Chicago Cubs Rumors: Why a Mason Miller trade will never happen

Mason Miller may be the most sought-after pitcher in baseball right now, but the Cubs will likely not pull the trigger on a trade for him
Seattle Mariners v Oakland Athletics
Seattle Mariners v Oakland Athletics / Thearon W. Henderson/GettyImages

With the Chicago Cubs experiencing persistent bullpen issues, fans are calling for the team to swing a trade for Oakland Athletics' closer Mason Miller. While Miller has been quite impressive in the early going of 2024, there are a lot of reasons why the Cubs probably won't land the young phenom.

For starters, Miller is still a pretty unproven MLB pitcher. The 25-year-old currently has 49.2 big league innings to his name and this season is the first time he is a dedicated reliever let alone a closer. It's hard to argue against a consistent triple-digit fastball, but there are many other players who boast this kind of velocity and still see struggles. Not to mention that relief pitchers, in general, are notoriously volatile. That simple fact is why the Cubs are even in the Mason Miller conversation, as Adbert Alzolay was arguably their best bullpen arm last year but has severely struggled so far in 2024.

While Miller's talents would be a significant boost to Chicago's bullpen, other teams will be in on this guy if he becomes available and drives up the price. A price that Cubs' General Manager Jed Hoyer should be reluctant to pay.

The price is too high for the amount of risk

Closers are already expensive to acquire mid-season. In 2016, the Cubs sent a considerable haul of players to the New York Yankees to rent Aroldis Chapman for three months. The deal included Gleyber Torres and Billy McKinney, the Cubs' no. 1 and 6 prospects at the time, along with big league pitcher Adam Warren and outfielder Rashad Crawford. More recently, the San Diego Padres gave up their closer Taylor Rogers, their no. 9 prospect Robert Gasser, and future big league outfielder Esteury Ruiz to land Josh Hader at the 2022 trade deadline.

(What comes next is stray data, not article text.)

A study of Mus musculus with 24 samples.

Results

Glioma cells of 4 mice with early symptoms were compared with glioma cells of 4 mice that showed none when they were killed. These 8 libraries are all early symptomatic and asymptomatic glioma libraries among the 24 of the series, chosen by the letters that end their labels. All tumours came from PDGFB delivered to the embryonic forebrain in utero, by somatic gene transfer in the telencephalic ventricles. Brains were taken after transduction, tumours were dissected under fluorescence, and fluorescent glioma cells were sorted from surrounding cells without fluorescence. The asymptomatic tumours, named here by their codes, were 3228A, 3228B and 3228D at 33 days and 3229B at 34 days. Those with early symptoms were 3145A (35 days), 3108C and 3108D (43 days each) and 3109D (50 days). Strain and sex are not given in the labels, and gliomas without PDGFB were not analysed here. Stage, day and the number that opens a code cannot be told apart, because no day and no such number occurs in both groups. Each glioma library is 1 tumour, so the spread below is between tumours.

But Miller is a different animal. His youth, talent, and performance as a closer so far are already enough to ask for at least four valuable prospects/players in return. The kicker is the fact that the Athletics still have Miller under team control through the 2029 season, making his potential asking price astronomical. People can boast all they want about how the Cubs have the type of farm system to swing this trade, but would they really be happy if Hoyer shipped off several future big leaguers for a guy with less than a season's worth of MLB experience?

And if Miller struggles after his change of scenery, the team could be out players the caliber of Owen Caissie (no. 3), Kevin Alcantara (no. 5), or James Triantos (no. 6). I don't think Hoyer is the type of gunslinger to put this many chips in for Miller and I don't want to be either. I just don't think the juice is worth the squeeze in this case.